John Deere launches new L-series backhoes

6/17/2015 8:49:52 AM by

John Deere recently launched its new L-series backhoes, which are sure to increase your productivity. Strong and easy to maneuver, these machines can tackle a vast array of jobs, from trench-digging to material transportation.

The series is comprised of six new models: the 310L EP, 310L, 310SL, 310SL HL, 315SL and 410SL. All require diesel emission fluid for their Tier 4 Final Deere PowerTech Plus engines, excluding only the 310L EP, which stays at the 70 HP Tier 4 Interim.

As a bonus, the 310SL HL and 410SL models are the only ones to offer John Deere's new Heavy Lift component that boosts lift by approximately 40 percent – 25 percent more than the K-series. They accomplish this by utilizing their PCLS hydraulics, updated rear valve, adjusted rear structures and larger boom cylinders. The Lift Mode automatically adjusts the engine to 1,400 rpms, which allows for a maximization of hydraulic pressure.

Other key features include:


  • Enhanced comfort of the cab, with extra leg room and a cozier seat.
  • Simplified operation – fingertip electrohydraulic controls and a multifunction lever on the steering column make lights, turn signals and wipers more accessible.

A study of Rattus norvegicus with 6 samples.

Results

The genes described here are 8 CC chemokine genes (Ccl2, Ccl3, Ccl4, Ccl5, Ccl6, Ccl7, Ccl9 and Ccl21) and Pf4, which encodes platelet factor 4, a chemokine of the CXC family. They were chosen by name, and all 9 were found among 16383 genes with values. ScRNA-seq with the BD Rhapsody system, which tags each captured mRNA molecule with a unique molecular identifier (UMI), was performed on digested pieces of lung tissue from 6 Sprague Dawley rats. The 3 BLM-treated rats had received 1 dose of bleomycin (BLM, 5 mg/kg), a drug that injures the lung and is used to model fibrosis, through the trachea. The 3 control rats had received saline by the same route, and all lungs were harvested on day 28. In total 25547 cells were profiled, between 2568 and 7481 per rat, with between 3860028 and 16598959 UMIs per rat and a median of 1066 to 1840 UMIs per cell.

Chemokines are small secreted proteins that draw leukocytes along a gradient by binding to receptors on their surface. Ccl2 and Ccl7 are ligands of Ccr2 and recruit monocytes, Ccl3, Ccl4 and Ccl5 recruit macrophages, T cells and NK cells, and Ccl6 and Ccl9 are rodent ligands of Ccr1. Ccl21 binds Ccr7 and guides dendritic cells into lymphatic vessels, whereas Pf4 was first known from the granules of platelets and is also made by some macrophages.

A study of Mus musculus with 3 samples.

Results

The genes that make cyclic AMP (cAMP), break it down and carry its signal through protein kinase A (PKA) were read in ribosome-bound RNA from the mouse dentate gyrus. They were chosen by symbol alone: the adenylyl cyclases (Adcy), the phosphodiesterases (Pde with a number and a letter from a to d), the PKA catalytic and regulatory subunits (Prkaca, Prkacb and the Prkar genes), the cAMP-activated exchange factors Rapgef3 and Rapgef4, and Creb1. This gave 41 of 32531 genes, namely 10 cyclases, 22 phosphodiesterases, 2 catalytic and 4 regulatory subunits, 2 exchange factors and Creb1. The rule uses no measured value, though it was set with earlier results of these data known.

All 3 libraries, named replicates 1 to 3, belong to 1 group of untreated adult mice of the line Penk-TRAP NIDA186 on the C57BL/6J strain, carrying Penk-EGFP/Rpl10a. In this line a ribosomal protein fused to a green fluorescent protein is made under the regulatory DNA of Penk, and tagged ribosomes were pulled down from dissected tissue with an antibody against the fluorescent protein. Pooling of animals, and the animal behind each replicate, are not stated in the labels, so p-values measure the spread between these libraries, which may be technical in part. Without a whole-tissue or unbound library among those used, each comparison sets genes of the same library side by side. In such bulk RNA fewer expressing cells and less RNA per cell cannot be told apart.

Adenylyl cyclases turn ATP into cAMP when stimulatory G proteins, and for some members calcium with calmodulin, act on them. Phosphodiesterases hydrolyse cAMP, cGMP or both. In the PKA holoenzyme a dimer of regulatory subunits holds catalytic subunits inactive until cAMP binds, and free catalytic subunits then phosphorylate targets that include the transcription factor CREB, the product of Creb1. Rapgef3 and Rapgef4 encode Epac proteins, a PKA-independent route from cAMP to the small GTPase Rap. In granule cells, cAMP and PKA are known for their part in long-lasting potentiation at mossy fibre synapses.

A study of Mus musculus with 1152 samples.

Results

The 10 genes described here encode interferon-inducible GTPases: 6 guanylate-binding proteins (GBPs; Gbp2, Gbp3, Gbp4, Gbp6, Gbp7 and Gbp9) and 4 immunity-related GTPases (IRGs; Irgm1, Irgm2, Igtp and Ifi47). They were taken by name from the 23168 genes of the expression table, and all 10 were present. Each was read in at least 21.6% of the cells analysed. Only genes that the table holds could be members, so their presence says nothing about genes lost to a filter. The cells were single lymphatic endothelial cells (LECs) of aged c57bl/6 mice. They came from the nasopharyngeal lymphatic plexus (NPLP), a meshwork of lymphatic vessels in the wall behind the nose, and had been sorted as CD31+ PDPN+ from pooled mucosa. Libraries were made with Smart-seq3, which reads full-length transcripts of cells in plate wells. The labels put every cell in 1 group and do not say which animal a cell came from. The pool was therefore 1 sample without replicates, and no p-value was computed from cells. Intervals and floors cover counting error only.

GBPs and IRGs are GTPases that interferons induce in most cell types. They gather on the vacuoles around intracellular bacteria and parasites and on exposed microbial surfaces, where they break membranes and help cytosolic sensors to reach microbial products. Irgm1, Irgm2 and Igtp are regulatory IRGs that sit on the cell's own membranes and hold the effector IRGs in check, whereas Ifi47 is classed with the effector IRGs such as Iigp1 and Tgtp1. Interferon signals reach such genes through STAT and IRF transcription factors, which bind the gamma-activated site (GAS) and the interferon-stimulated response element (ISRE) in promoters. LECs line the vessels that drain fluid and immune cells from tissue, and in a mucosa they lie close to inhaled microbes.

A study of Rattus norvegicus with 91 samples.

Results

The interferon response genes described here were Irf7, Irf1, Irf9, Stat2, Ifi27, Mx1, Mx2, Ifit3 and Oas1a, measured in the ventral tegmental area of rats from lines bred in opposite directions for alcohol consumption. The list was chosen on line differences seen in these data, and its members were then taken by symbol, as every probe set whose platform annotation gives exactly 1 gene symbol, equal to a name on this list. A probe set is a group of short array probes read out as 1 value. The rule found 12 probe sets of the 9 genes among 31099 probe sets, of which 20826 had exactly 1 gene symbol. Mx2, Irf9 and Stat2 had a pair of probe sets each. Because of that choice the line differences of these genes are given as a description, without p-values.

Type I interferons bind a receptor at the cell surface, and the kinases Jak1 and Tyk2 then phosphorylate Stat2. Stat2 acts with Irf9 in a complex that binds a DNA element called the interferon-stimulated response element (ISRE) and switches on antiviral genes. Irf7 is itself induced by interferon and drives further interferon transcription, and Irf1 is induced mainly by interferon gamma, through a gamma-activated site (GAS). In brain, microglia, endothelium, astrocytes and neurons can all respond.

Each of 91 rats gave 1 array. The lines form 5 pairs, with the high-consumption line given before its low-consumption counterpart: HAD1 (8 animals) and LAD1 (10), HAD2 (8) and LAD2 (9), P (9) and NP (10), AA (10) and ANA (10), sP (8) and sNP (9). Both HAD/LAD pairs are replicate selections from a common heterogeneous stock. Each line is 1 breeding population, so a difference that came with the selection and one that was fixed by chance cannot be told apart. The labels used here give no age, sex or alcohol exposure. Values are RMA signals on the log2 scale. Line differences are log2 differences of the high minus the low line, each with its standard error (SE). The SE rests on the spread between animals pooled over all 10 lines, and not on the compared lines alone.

• A monitor to display machine diagnostics and controls. It also allows users to adjust functions such as auto-shutdown and idle.
  • Lower and larger steps to make climbing in and out of the machine easier and safer.
  • A dynamic HVAC system and a raised canopy for improved visibility around the cab.

Under the hood

  • Regulation-compliant engines: All over 90 HP, extremely efficient and designed to meet emissions regulations.

Additionally, John Deere urges contractors to consider the 315L side-shift model because it provides access to tight areas the traditional center mounts cannot enter. To use this feature, you only have to position the backhoe at a 90-degree angle on either side of the machine, dig the teeth into the ground and curl the bucket. This allows the backhoe to horizontally reposition to let operators dig against any obstacle with little access space.